Joined: 26 Sep 2003
PostPosted: Tue Dec 12, 2017 12:49 pm     Reply with quote

chip: 16F1779
compiler: V5.074
Can anyone clarify what the return value is for i2c_write()?

The compiler manual says:

Quote:
This function returns the ACK Bit.
0 means ACK, 1 means NO ACK, 2 means there was a collision if
in Multi_Master Mode.
This does not return an ACK if using i2c in slave mode.


I think I have a bad display as the ACK signal is only coming up to about 1.8V with a 1.5K pullup. I added a 1K across the pullup and got it to about 2.25V. That is just about the .8* 3V3 = 2.31V per the datasheet and it seems to work. Work meaning the return value seems to be 1 instead of 0, unless I seriously screwed up my code logic.

Anyway, is that return definition confusing or is it just me? If a correct ACK is high, does it return a 1=ACK, or a 0 means ACK?

The LST file doesn't list the call, so I can't see it to figure it out myself.

Please acknowledge...
Ttelmah



Joined: 11 Mar 2010

The device acknowledges receipt by holding the data line low when the master releases it. This is part of the key of I2C, where because the bus is 'open collector', there can (with the right timings) be communications both ways.
The write returns this bit.
So if the signal goes high, the device has not acknowledged. If is is zero the device is acknowledging.

Now the bus is not correctly valid at either voltage you mention.

Is your PIC running at 5v?. A lot of the I2C displays are 3.3v devices. Though they have voltage regulators to run at 5v, the output signals are not compatible with a 5v PIC.....
I'd suspect this is your problem. You can build a level translator with a FET.
pmuldoon



Joined: 26 Sep 2003

Oh, well that's embarrassing!

You're right, the ACK is active-low. I saw the half-way-up signal and just assumed it was trying to go up instead of down.

It is a 3V3 PIC and display, but the pullup is 1.5K. The datasheet for the display recommends 10K which I thought was rather weak.

The other I2C device on the bus is a TCS3490 color sensor and it's datasheet recommends 1.5K pullups. I guess that's where I got that value from.

Thanks for the quick reply. Now if you can just bury this thread so no one can see what a dumb assumption I made....
Ttelmah




10K is very low. Is the device standard speed only?. Basically any fast device is meant to be able to pull down 3mA. For a low capacitance bus, 10K is legal, but only for 100K max operation.

Having a 0v as the 'ACK' (and 5v as NACK), is a very confusing feature of I2C.... Very Happy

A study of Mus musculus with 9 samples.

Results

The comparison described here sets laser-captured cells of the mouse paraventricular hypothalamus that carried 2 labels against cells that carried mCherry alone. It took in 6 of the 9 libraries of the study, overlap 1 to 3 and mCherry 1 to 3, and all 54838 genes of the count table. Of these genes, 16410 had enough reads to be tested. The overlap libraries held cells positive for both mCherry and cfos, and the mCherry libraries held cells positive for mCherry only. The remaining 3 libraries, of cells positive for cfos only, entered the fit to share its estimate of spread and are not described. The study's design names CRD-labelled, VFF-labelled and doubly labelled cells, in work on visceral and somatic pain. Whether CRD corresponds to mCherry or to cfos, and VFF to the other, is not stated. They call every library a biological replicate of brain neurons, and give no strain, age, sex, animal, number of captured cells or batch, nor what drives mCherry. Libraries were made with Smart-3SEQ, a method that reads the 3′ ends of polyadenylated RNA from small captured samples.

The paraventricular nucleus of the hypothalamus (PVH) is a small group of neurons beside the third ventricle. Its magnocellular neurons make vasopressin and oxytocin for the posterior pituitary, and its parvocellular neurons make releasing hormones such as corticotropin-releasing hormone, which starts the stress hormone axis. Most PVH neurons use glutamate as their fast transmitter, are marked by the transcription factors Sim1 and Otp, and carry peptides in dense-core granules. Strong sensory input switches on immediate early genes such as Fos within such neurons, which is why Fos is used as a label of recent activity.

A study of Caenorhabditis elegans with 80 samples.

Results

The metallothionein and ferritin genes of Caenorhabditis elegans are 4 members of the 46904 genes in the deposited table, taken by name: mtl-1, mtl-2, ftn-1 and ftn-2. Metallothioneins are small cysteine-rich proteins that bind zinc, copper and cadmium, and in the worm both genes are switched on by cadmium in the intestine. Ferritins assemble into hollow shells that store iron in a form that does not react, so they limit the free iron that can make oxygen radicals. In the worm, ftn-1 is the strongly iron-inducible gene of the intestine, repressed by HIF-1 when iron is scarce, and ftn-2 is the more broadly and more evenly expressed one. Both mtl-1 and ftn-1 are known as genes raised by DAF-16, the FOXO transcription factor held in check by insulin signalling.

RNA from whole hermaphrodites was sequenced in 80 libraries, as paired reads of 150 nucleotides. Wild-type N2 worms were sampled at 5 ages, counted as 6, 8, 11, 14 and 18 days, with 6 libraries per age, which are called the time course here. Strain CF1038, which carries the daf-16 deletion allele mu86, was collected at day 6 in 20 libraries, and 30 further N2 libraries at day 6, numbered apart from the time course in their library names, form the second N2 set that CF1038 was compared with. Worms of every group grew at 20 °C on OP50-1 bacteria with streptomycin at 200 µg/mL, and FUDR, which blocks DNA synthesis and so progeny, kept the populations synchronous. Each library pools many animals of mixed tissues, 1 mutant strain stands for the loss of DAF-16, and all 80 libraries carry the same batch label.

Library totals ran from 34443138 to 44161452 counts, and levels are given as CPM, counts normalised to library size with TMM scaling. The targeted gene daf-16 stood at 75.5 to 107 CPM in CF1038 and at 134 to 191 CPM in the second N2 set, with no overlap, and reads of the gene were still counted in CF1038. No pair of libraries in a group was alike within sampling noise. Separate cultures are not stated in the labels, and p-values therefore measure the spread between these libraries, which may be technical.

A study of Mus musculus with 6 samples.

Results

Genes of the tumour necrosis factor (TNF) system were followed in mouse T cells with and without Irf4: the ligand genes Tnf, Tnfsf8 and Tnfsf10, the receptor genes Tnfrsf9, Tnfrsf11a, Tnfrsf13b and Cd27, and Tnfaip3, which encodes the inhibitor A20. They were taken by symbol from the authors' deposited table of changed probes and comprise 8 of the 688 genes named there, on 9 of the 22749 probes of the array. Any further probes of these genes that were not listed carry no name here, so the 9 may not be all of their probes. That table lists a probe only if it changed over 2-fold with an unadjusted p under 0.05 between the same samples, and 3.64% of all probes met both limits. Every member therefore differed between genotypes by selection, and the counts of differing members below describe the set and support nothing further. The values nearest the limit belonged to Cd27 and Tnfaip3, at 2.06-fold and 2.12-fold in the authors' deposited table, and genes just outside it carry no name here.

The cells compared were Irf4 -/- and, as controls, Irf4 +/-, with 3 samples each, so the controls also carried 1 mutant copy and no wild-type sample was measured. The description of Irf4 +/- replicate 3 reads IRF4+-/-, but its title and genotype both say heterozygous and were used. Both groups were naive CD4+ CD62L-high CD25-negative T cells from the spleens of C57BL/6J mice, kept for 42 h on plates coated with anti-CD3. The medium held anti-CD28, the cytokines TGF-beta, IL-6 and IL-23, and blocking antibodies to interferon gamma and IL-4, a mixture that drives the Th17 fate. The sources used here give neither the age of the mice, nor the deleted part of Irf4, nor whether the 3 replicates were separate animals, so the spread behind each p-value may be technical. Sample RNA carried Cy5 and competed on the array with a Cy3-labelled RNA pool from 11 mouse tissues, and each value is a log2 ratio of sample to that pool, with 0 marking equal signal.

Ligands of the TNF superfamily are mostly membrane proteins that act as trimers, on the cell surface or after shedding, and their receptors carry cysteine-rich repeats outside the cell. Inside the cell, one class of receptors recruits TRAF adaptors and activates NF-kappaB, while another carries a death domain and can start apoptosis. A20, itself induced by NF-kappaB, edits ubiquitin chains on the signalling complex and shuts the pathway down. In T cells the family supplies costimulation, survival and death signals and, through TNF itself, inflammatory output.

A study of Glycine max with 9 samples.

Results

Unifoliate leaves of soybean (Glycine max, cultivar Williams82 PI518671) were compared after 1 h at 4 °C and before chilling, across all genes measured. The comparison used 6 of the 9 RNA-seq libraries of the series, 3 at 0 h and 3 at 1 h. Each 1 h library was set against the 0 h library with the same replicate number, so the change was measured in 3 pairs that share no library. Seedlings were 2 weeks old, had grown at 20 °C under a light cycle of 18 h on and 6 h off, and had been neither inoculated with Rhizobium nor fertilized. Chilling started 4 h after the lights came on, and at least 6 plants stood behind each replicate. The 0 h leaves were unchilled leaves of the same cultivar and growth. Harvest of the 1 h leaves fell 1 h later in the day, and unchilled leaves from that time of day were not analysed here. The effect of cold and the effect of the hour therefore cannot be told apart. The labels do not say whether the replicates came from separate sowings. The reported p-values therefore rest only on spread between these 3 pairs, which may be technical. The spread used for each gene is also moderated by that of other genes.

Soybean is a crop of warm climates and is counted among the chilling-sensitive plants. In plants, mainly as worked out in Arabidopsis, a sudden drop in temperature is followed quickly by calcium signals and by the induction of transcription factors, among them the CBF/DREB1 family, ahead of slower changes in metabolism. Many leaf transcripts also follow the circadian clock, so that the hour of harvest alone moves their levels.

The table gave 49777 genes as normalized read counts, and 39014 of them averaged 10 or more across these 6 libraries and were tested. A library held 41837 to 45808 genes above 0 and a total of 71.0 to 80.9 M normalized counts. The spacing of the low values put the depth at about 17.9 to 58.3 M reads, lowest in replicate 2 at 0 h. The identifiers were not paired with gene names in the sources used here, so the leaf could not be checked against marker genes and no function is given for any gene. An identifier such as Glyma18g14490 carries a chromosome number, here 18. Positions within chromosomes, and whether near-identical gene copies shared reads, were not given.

pmuldoon




300K at 3V3 is what the datasheet says.
NewHaven Display NHD-C0220BiZ-FS(RGB)-FBW-3VM.

Thanks for the supportive comment. I have trouble with up and down sometimes too, LOL.
Ttelmah




Hmm. I don't see where they specify the I2 current capabilities. However for 300KHz at 400pF (which they claim), it'd have to be able to support a 1KR pull-up to give the required switching times (300nSec). Are you sure your supply is not dropping when the I2C drives?.
It doesn't matter so long as you keep the data rate low, or the bus capacitance is low, but something doesn't quite 'add up' in the figures....

300K is a sort of 'in between' rate, with I2C only actually specifying fast mode at 400KHz, or standard mode at 100KHz.
Get yourself a copy of SLVA689, which is the Texas application note about I2C pull up calculation.

It should be pulling down better than this. Triple check the connections. Something like a resistive connection on the ground to the unit would give the poor pull-down.
pmuldoon




Thanks, I'll take a look at the gnd.

Something seems fishy about their recommendation of 10K pullups. I changed the resistors to 10K and it pulls low fine, now. Since we're not planning on using the color sensor that may be the end the issue.

I also started actually checking for the ACK. I always just write blindly to serial (UART) displays and never had a problem, til now. Since I have an ACK I might as well use it.

I also slowed the clock a bit. I noticed that the clock period is very stable until the ACK pulse. For some reason that one is shorter than the rest.

So, the display was struggling to pull down the ACK pulse, and seeing a fast clock during ACK. Maybe that was enough to cause an occasional problem.
I had it running all night and will continue to see if it messes up again and see what happens. I will also check the ground as you suggested.

I've been working on my first ARM project where absolutely NOTHING works on the first try and useful info is scattered across multiple huge data sheets (ARM-ST-HAL-Cube). It's so nice to play with a simple PIC problem again!